Last week on a KLIF talk show, former Mayor Steve Bartlett tore into Observer columnist Laura Miller. Of course, Miller hadn't been invited to defend herself, but why quibble?
What Buzz found interesting was Bart-lett's parting shot--that the personal ads in the Observer were more accurate than the articles.
Hmmm. How does the former mayor know that? We can only assume the always well-prepared ex-mayor has been taking advantage of the Observer's Romance classified ads.
Romance maintains absolute confidentiality and wouldn't let even Buzz take a gander at the identities of its advertisers. But by studying the classifieds diligently, we found an ad that looked suspiciously like the work of former Mayor Steve.
Stick to pictures
Channel 4, perhaps trying to adapt to the Fox network culture, crossed the crass line last week with a report on a Dallas man accused of dousing his wife with gasoline and lighting her on fire. The woman, horribly burned, died. On a strip across the bottom of the screen, the KDFW report was labeled: Woman torched.
And people complain about our tabloid headlines.
F. Flintstone with a buzz-cut
The self-dubbed "Richard Simmons of paleolithic nutrition," Ray Audette is the latest Observer profile subject ("Neander-Guy," by Rebecca Sherman, July 6) to find a friend in literary agent Jan Miller. (See related story in News.)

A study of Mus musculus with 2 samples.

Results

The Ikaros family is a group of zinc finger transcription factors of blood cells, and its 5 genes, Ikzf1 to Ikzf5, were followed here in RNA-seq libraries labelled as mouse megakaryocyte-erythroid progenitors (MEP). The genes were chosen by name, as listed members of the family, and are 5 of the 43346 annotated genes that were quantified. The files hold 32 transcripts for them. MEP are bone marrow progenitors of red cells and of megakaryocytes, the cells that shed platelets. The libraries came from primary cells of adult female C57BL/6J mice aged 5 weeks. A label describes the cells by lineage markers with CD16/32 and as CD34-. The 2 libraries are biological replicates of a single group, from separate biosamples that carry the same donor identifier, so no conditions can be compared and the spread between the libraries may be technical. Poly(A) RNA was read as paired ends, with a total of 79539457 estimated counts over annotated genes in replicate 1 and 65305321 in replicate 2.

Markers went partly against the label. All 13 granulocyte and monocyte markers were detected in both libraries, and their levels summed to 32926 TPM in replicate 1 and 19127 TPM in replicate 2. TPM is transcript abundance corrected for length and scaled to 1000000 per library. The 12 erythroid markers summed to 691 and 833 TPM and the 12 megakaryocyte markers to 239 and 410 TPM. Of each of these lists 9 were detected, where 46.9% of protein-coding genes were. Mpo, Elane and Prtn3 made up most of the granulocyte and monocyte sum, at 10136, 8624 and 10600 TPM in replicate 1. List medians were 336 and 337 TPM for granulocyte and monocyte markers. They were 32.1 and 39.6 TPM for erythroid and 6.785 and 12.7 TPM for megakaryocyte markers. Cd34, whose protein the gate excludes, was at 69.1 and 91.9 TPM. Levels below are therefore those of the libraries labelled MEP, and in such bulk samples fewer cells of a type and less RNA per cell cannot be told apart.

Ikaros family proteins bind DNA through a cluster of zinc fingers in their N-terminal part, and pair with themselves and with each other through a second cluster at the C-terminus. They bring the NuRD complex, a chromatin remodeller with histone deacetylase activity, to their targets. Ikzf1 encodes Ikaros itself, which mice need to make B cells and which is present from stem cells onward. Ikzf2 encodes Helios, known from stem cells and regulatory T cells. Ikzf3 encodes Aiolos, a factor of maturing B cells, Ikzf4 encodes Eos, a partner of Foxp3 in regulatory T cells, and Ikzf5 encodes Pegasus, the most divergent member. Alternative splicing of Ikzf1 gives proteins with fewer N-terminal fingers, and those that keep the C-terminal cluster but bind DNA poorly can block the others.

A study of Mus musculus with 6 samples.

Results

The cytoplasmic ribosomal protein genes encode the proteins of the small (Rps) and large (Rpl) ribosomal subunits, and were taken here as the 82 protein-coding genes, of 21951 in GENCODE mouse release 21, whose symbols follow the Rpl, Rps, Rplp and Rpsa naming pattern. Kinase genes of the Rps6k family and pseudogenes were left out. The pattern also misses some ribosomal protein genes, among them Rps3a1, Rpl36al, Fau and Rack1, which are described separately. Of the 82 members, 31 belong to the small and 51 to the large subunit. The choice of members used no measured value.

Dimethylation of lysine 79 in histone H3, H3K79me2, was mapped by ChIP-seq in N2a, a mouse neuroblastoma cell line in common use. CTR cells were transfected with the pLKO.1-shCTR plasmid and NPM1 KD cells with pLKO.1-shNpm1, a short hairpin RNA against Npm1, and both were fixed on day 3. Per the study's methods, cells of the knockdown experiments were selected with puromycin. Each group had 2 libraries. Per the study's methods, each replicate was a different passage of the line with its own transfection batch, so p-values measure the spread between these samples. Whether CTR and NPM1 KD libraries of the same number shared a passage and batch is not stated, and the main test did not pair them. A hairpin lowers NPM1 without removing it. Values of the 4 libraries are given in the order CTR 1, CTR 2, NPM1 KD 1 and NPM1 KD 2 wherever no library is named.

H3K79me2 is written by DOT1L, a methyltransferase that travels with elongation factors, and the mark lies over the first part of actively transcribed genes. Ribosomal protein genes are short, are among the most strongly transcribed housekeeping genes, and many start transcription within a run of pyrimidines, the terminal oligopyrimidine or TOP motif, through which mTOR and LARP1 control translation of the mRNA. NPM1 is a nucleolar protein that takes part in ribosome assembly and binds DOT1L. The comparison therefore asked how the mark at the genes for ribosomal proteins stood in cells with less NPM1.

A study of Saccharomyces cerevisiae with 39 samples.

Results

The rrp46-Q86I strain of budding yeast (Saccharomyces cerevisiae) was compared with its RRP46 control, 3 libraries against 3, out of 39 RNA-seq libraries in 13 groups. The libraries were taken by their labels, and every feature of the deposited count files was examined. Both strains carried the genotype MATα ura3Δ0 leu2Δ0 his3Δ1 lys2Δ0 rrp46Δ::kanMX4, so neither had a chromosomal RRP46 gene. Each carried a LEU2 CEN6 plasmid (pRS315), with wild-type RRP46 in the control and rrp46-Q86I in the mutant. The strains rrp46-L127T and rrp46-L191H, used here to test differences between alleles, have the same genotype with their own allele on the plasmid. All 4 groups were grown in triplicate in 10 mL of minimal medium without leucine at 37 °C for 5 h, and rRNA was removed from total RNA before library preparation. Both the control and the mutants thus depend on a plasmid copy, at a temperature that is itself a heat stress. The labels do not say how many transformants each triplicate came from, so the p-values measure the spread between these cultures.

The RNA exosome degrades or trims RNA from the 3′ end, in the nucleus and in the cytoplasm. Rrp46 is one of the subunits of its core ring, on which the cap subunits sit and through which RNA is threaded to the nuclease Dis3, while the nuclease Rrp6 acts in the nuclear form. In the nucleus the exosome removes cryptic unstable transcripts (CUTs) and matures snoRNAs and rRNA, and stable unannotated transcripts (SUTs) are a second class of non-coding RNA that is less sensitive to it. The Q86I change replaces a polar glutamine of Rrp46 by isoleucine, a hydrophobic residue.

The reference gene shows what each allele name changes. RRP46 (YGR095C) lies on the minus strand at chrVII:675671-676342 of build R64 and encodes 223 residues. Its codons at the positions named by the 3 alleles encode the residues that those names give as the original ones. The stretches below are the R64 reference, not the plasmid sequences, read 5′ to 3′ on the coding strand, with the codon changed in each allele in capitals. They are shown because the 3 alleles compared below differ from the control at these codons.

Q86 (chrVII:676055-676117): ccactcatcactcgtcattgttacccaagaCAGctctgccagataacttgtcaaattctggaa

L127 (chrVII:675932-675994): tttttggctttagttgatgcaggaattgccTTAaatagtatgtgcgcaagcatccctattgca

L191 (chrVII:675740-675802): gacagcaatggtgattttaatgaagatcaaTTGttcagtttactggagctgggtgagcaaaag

With only 1,000 copies of Neander-Thin: A Cave Man's Guide to Nutrition in circulation (that's a sellout of the first printing), Audette's theory that eating and living more like cave folks will cure just about everything that ails ya--except maybe drive-by spearings--has apparently found enough of a niche that Miller believes she can make a fast buck.
Miller, of Dupree, Miller and Associates, who originally turned Audette's book down, now will pound on the doors of New York's publishing houses on his behalf and possibly explore infomercials, which made tubs of money for another client, fitness guru Susan Powter.
"Jan's going to work her magic on it--that's all I know," says Audette.
No BS (at least not enough)
A sticky correction in last week's Fort Worth Star-Telegram dealt with some smelly math on the part of a letter writer that went right by S-T editors. In a scintillating letter on the effect of cattle on water quality, Danny Moffatt posed an old-fashioned story problem: If one cow produces 100 pounds of manure and urine (the S-T correction tastefully changed that to "waste") a day and there are 700 cows on a dairy farm, how much total stuff (our word) is produced each day? Moffatt and the S-T fact checkers came up with 7,000.
Which, of course, is a load of crap.